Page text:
The US Army officially announced that Dynetics' ‘Enduring Shield' launcher, paired with Raytheon's ground-launched AIM-9X Sidewinder missile, won its Indirect Fire Protection Capability Increment 2 (IFPC Inc 2) programme, and that the duo will receive an initial USD237 million to continue development. This Dynetics-Raytheon offering, based around a once-abandoned launcher, secured the deal over Rafael Advanced Defense Systems' combat-proven Iron Dome.

Shortly after the 24 September announcement, Program Executive Officer for Missiles and Space Major General Robert Rasch, and Air and Missile Defense Cross-Functional Team Director Major General Brian Gibson answered reporters' questions about the contract for the winning team to deliver 16 launcher prototypes and 60 ‘fieldable' interceptor prototypes by the end of March 2024. If the programme proceeds as planned, the army will award a follow-on production contract for up to 400 launchers.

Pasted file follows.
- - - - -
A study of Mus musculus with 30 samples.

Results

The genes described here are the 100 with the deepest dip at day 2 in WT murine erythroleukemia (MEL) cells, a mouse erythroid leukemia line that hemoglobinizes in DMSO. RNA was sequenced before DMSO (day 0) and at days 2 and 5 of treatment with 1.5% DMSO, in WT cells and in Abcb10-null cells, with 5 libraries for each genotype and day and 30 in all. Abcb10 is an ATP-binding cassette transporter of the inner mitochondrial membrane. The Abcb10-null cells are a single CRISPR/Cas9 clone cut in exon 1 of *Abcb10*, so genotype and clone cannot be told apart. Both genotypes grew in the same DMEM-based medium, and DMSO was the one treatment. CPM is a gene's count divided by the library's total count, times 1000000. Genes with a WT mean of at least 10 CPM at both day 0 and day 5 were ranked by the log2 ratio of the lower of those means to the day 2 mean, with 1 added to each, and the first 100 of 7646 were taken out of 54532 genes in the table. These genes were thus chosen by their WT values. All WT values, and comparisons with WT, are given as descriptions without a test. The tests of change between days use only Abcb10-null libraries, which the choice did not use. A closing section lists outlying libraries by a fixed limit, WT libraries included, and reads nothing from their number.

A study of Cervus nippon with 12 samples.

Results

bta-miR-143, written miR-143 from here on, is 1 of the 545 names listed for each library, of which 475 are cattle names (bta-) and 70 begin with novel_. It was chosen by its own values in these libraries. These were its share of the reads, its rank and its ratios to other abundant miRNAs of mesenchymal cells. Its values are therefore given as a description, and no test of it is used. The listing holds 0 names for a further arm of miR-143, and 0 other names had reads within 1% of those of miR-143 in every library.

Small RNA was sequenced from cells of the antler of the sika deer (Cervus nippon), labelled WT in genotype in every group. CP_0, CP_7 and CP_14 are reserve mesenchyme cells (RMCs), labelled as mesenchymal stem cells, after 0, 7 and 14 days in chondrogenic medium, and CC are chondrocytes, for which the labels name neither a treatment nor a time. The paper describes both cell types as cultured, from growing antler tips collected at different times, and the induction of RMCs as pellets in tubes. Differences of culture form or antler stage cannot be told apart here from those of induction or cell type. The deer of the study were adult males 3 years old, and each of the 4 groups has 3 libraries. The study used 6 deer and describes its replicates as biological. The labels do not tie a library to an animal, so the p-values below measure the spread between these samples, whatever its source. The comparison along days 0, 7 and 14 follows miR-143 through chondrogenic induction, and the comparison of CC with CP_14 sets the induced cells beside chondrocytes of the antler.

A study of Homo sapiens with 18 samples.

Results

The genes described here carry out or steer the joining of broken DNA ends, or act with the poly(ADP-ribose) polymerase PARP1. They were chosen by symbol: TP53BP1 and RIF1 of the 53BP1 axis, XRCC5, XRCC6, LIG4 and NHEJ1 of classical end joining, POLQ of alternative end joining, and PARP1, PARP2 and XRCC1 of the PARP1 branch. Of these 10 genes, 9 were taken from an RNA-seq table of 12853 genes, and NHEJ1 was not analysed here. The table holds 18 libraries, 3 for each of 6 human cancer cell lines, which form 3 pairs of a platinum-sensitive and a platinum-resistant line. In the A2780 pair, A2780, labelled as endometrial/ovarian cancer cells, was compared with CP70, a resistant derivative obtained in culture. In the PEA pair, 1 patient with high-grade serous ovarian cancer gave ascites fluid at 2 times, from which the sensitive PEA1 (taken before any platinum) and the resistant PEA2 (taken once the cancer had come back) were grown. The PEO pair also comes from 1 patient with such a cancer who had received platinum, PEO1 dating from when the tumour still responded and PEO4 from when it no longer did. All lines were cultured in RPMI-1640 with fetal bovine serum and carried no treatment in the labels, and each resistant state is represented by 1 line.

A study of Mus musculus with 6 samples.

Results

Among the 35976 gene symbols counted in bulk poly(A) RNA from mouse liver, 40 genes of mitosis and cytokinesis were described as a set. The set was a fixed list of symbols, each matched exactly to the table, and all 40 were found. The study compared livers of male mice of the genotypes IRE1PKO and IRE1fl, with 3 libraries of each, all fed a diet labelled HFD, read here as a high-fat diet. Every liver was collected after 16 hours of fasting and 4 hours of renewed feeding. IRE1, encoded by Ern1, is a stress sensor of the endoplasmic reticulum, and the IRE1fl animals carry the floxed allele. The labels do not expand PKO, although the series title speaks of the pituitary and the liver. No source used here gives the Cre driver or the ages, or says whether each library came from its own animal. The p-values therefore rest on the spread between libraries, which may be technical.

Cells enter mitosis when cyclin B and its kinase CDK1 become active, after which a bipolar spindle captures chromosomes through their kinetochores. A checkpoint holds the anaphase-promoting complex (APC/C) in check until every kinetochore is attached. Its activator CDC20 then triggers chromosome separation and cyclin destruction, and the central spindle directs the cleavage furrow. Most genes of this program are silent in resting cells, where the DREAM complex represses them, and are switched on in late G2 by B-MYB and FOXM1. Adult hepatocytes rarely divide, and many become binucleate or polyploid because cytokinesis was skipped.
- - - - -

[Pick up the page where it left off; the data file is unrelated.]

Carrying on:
“The process evaluated industry-proposed solutions of a launcher, an interceptor, and an all-up-round magazine, which would then integrate with the US Army's Integrated Air and Missile Defense Battle Command System (IBCS) … as the fire-control component, [and] the Sentinel radar is the US sensor,” Maj Gen Rasch said. “The technical evaluations conducted by the team assessed the benefits, shortcomings, and risks of each proposal against the IFPC Inc 2 requirements.”

More specifically, the source selection committee weighed the two proposals based on three criteria in the descending order of importance – current and future capability, schedule to include technical maturity, and price.

When it comes to the capability category, the service wants a system to defeat cruise missiles with the goal of adding in a counter rocket, artillery, and mortar mission threats in the 2026 timeframe.